So this is half a stats question, half a PyMC3 question. Let’s say I have data from 5 participants. And let’s say I have 3 models that I want to evaluate (although the actual numbers in my context are much higher).

**Analysis 1**

I might be quite interested in fitting each of the 3 models to each of the 5 participants entirely independently. That’s fine, we can do that, and use the WAIC/LOO model comparison to come up with the best model for each participant separately. This is fine.

**Analysis 2**

Now let’s say I want to know which is the best of my 3 models to account for *all* participants. The question is what is the best way to go about this?

**Solution A**

The first solution would be to create a new set of PyMC3 models which iterates over participants, still treating them as statistically independent. Then we could just do one model comparison and that will give us the answer. However, this is perhaps not a great solution because a) we have to write a new set of PyMC3 models, b) these models are now potentially very large if we have many participants and data samples per participant, c) the dimensionality of the posterior grows very large.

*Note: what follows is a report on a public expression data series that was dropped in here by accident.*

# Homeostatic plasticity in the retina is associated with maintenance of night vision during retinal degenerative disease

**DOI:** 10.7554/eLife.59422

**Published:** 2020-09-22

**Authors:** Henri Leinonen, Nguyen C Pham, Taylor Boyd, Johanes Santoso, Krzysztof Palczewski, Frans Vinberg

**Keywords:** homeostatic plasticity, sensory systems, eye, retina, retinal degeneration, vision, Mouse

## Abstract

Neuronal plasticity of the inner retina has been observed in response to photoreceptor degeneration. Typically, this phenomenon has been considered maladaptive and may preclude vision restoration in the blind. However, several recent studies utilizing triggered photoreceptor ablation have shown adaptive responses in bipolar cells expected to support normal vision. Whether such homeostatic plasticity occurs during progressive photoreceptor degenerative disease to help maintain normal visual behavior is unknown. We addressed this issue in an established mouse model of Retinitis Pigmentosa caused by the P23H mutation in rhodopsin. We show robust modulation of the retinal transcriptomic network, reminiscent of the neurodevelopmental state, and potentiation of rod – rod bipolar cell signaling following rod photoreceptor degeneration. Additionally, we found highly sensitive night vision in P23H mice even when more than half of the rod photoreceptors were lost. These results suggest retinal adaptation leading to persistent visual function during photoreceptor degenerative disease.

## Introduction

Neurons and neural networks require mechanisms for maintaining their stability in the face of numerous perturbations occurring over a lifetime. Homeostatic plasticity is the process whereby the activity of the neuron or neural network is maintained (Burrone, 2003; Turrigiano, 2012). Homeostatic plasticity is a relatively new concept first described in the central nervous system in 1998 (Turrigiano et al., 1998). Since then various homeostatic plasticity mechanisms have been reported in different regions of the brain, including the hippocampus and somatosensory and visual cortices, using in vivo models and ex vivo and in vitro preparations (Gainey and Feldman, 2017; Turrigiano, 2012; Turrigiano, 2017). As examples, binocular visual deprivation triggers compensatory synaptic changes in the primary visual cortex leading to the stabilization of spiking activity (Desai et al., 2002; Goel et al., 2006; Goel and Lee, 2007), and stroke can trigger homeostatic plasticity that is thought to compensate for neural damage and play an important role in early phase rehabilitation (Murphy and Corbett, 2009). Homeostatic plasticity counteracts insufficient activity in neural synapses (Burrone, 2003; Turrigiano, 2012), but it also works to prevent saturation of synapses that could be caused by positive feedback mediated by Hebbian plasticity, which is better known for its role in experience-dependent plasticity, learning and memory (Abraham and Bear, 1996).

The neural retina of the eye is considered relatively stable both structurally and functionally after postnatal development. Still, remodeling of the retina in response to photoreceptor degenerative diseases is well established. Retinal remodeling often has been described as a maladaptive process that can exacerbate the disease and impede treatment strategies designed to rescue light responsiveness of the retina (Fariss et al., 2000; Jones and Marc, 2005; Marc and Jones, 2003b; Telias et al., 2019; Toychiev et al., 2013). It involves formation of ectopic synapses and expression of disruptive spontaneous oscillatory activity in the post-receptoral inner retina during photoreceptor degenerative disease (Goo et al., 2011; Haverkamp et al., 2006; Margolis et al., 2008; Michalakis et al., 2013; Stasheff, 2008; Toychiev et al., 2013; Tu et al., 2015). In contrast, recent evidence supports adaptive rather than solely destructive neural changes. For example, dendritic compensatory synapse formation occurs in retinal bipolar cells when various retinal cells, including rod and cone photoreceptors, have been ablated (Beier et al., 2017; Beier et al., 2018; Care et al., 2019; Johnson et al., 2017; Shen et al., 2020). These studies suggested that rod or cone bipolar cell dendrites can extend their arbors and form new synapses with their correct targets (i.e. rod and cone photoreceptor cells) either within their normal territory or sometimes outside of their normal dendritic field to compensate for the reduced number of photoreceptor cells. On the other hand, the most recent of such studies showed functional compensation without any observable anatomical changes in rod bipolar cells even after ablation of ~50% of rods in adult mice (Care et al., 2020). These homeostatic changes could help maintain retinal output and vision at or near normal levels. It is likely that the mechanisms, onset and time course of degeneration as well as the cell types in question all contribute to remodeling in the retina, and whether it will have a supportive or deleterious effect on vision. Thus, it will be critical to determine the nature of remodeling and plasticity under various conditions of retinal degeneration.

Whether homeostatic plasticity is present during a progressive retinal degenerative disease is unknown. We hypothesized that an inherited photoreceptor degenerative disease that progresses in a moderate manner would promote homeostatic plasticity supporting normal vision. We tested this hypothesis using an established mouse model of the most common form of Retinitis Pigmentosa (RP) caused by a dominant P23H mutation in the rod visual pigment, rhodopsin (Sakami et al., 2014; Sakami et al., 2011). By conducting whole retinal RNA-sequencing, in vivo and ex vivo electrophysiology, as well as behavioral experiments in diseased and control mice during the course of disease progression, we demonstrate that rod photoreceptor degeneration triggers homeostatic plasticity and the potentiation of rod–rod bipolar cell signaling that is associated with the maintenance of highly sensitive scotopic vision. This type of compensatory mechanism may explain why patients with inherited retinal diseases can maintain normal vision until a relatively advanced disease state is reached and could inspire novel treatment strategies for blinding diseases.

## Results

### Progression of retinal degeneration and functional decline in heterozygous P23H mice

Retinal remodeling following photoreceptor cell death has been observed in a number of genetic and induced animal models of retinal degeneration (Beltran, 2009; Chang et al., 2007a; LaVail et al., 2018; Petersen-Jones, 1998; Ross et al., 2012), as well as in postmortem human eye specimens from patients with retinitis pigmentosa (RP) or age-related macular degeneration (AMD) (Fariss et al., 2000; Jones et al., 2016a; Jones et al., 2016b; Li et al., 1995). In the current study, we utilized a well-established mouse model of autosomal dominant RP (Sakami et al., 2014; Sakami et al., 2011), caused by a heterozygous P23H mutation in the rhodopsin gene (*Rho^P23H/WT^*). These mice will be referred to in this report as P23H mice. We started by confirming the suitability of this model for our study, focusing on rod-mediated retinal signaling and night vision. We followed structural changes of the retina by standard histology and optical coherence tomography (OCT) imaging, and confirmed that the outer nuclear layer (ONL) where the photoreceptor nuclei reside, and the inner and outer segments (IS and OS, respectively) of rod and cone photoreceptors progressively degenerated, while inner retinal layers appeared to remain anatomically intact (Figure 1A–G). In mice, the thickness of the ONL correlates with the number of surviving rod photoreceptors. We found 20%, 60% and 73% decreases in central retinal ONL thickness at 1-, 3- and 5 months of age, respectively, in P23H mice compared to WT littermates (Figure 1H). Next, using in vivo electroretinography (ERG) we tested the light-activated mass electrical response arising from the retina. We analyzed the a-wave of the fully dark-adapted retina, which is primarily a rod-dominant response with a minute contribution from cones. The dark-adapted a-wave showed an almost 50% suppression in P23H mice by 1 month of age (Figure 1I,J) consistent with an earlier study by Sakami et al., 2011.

**Solution B?**

So… my thought was to combine the log likelihood values obtained from each individual ‘fit’ to each model x participant combination? So we pool the log likelihood values for all participants for a given model, obtaining a larger set of log likelihood values for each model… Then do one single WAIC/LOO model comparison on that?

- Is this statistically kosher? (I think it is)
- How might we go about doing this? My feeling is that it would require changes to the
`pm.compare`

function.

It could be that this is a bit niche, but I personally think that there would be a number of use cases for this and so could potentially merit looking in to.

**Solution C**

Or is it possible to simply sum some of the WAIC/LOO deviances across models after having calculated them for each participant/model combination as in Analysis 1?